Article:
Gacaca Archive stakeholders meet to define project impact goals

workshop_cnlg

22 January 2015

A wide range of stakeholders met in Kigali to discuss the impact they want the Gacaca Archives to have, in Rwanda and internationally. The meeting was hosted by the National Commission for the Fight against Genocide (CNLG) and was attended by 30 individuals from 19 different government, non-government and higher learning institutions.

The workshop was titled, ‘Enabling the digital society: An impact plan for the Gacaca Archive Project’ and was facilitated by Professor Marilyn Deegan from King’s College London. The objective was to gather inputs from those working on the project as well as from key stakeholders such as genocide survivor organisations.

Maximising the considerable impact the archive will have, and being able to evaluate it, requires a formal process of evaluation and impact assessment. The workshop was a key step in developing this assessment mechanism. To define the desired impact of the archive project, participants were divided into groups and asked to discuss the following questions and give their feedback:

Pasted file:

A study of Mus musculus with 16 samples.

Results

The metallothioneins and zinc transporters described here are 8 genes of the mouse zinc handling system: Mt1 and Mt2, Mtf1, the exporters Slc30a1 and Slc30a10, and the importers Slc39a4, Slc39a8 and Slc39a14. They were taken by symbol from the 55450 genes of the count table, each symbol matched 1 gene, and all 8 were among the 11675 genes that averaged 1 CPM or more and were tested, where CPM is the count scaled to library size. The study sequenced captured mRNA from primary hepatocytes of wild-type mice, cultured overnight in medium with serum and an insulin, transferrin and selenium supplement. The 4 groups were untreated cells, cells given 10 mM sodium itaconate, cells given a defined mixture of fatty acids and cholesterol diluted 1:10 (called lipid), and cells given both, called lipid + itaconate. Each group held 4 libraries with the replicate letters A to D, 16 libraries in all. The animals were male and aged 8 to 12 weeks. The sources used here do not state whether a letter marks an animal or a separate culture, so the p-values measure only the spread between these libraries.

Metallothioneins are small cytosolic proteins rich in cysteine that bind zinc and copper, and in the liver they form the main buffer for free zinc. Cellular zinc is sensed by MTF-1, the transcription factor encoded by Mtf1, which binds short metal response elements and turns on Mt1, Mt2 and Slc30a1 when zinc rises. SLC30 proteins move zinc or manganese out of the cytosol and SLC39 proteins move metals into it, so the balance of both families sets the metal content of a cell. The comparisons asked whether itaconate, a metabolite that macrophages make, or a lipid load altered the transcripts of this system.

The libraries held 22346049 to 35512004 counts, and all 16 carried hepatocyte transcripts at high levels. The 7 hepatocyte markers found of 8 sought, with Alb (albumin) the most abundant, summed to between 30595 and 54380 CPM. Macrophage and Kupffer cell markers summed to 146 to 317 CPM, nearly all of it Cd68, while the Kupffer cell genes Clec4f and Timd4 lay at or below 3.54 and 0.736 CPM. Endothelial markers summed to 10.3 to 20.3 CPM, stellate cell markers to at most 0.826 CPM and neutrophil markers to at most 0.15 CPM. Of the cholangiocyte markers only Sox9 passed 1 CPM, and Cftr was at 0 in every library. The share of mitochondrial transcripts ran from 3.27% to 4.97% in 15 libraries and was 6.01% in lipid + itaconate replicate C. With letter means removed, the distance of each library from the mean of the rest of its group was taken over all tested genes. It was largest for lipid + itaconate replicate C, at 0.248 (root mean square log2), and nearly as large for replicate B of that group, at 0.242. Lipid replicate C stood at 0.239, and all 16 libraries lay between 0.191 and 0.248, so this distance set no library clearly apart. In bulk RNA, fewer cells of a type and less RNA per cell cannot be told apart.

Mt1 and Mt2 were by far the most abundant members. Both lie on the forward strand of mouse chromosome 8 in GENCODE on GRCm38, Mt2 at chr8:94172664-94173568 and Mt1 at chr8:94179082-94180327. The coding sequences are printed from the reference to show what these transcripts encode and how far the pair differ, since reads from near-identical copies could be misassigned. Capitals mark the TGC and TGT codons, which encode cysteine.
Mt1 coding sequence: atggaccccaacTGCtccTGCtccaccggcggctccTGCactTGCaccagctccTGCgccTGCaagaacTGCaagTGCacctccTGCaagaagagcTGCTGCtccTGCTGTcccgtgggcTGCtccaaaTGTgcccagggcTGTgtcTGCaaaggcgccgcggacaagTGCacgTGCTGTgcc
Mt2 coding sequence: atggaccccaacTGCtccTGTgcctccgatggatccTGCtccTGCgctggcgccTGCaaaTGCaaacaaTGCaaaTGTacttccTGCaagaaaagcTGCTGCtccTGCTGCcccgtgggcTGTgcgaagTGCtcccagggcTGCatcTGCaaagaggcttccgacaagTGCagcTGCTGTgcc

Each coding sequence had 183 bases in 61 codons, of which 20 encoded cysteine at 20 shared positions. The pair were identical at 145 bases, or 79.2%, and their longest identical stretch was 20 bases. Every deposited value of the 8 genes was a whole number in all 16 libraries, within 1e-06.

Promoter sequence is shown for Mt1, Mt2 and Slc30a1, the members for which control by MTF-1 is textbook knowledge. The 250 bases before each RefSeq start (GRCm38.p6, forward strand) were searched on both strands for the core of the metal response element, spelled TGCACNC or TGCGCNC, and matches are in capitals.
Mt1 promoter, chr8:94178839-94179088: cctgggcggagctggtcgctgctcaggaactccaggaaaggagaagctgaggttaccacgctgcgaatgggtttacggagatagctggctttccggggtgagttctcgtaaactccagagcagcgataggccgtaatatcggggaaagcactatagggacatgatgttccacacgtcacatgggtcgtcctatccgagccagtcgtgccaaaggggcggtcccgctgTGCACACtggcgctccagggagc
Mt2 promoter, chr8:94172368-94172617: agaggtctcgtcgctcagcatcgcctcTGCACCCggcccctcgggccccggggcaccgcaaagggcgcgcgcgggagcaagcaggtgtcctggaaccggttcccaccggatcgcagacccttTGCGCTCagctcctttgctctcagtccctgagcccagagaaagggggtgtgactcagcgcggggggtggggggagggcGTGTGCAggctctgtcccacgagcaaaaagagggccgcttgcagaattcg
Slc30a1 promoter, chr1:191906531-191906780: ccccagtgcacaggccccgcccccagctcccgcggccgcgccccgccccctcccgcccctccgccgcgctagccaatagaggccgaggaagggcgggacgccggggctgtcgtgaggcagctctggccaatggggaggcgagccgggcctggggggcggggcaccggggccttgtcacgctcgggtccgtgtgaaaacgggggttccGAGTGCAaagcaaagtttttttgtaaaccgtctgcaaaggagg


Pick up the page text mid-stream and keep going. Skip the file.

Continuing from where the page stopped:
1. What are the most common problems you face when dealing with Gacaca related information?
  2. What difference do you want the Gacaca archive project to make?

From these questions, stakeholders presented a wide range of views on accessibility, use of the archives, incorporating them into curriculums, security and privacy. The discussions helped to define what effect the digital availability of the Gacaca Archive will have, what new users will emerge when it is available, what impact the technical expertise developed by the project will have on the Rwandan knowledge economy and how overall impact might be measured.

Speaking on the outcomes of the workshop, Professor Deegan, an expert in digital humanities and an experienced manager of large-scale digital projects, said:

“The stakeholder workshop was a highly focused and successful event. The participants came from a broad range of organisations concerned with the Gacaca Archive, and shared their experience and expertise generously. Their input was greatly valued, and will help the project team shape the next phases of the project.”

Since the Gacaca Courts completed their work in June 2012, significant efforts have been undertaken to preserve and organise the courts’ estimated 60 million pages of documents and 8,000 audio-visual files. In December 2014, a team, including CNLG, Aegis Trust, and international organisations such as King’s College London, the NIOD Institute for War, Holocaust and Genocide Studies and the USC Shoah Foundation, announced the plan for a sustainable solution to ensure the archives are preserved for generations to come.